What you suggest is possible, but you have to be aware of some gotchas. The biggest issue is for the transistor to not distort the measurement. You didn't give any accuracy requirements, but let's say it's a 10 bit A/D and you don't want the transistor to add more than 1 count of error. On the 3.3 V scale, one count of a 10 bit A/D is 3.2 mV. With the two resistors equal, the transistor therefore can't drop more than 6.5 mV. That completely rules out a bipolar transistor.
A P channel FET can do this. Again, if you want the transistor to not add more than .1% error it needs to be under 200 mΩ when the two resistors are equal, and half that in the worst case.
100 mΩ P channel FETs can be found, but N channel FETs are more plentiful and have better characteristics, especially at these low voltages. I would use a N channel low side switch instead:
The IRLML2502 is guaranteed to 80 mΩ max at only 2.5 V gate drive, so will add very little error. If much lower error is required, then you can measure the bottom of R2 in addition to the voltage divider and then the drop accross the switch can be accounted for in firmware.
You have now changed the question by saying you are really using a bridge circuit. This made sense when the measurement was to be displayed with a analog meter movement, but is unnecessary when using a modern microcontroller. With a normal microcontroller A/D you already have a bridge since the A/D result is ratiometric to the power supply range. In effect, the other side of the bridge is built into the micro. Using another external bridge and a second A/D input will only add error. If you're fine with .1% voltage accuracy coming out of the divider, then just use the circuit above.
Some microcontrollers have a separate negative A/D voltage reference line. This is called Vref- on Microchip PIC line, for example. You could drive Vref- from the bottom of R2 to ignore the voltage accross Q1. However, check the valid range of the the Vref- pin. This may not be allowed to go as high as Vdd. This is actually one case where you may be able to use the absolute maximum rating instead of the operating values. When the sensor circuit is off, you only care that the A/D not be damaged, not that it work correctly. Of course if you are using the A/D for other things this scheme won't work.
More on bridges:
It has been suggested that a "bridge" circuit is better in this case and would cancel out any voltage dropped by Q1 in the circuit above. This is not the case, at least not with my interpretation of "bridge" circuit. Here is how I think the bridge is intended to be connected:
R1 is the variable resistance sensor being measured. R2, R3, and R4 are fixed resistors with known values. SW1 is the switch used to turn this circuit off when not in use to conserve power. When a measurement is being taken, SW1 is closed. In this schematic, SW1 is assumed to be a perfect switch with R5 shown separately to represent its on resistance.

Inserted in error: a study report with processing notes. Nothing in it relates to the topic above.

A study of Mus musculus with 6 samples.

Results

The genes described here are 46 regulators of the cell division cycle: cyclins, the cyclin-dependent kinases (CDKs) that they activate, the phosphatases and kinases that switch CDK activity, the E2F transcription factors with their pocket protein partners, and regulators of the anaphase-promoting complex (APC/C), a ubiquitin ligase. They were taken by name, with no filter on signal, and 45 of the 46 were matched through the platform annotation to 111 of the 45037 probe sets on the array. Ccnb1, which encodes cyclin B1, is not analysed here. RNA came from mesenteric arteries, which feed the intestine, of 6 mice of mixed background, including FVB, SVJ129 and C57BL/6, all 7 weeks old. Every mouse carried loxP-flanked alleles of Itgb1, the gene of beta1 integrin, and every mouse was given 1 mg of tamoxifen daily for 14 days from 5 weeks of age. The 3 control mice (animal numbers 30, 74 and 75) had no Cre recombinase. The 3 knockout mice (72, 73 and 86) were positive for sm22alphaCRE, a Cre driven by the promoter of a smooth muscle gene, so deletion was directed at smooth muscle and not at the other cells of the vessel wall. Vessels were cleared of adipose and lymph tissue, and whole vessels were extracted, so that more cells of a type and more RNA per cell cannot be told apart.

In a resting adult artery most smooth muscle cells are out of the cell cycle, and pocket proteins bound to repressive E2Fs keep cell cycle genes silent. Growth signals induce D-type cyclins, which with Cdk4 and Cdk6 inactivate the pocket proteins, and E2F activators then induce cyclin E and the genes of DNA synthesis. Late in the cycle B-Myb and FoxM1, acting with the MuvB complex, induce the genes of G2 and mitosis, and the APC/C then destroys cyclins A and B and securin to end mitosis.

The point of a bridge circuit is to provide a differential voltage between V1 and V2. This was useful in old analog meters when the meter required significant current and could be directly connected between V1 and V2. Note that the voltage V1-V2 is still proportional to Vdd. This circuit is not independent of Vdd, and therefore not independent of apparent error in the supply voltage caused by the current thru R5. Bridge circuits are independent of Vdd in only one case, and that is when V1-V2 is zero. This is why old analog meters that used bridge circuits combined them with a precision calibrated variable R3. You wouldn't use the measurement of V1-V2 displayed on the meter as a direct measurement, but rather as feedback of setting R3 such that V1-V2 was zero. In that singular case, Vdd then does not matter, and neither does the impedance of the meter between V1 and V2.
What we have here today with microcontroller A/D inputs is a totally different case. These A/Ds are not set up for differential measurement, and we don't have a calibrated reliable way of varying R3 anyway. However, we can make fairly accurate voltage measurements realtive to the GND to Vdd range.
If R5 were 0, then the voltage at V1 would a ratio of Vdd dependent only on R1. Since both the sensor circuit and the A/D in the microcontroller produce and measure the voltage relative to the GND to Vdd range, the exact value of that range cancels out.
The only problem is when R5 is non-zero and unknown over some range. This adds a unknown error to V1 even when it is considered relative to the Vdd range. In effect the sensor is producing a voltage a fixed fraction of the Vlow to Vdd range, while the micro is measuring it as a fixed fraction of GND to Vdd. The simplest way to deal with this is to guarantee that Vlow is a sufficiently small fraction of Vdd so that this error can be ignored.
The suggestion to use a bridge circuit is apparently so that measuring both V1 and V2 allows this error to be cancelled out. If R3 and R4 are well known, then the V2 is a direct function of Vlow, but attenuated by the R4,R3 divider. With high precision, V2 could be measured, Vlow inferred, and the result used to correct the V1 reading. However, there is no advantage to the R4,R3 divider. If you need to correct for Vlow, it is best to measure it directly. In no case is measuring V2 better than measuring Vlow directly. Since we are better off measuring Vlow and therefore have no need for V2, there is no point in producing V2. R3 and R4 can therefore be eliminated, leaving nothing that could be called a "bridge" circuit.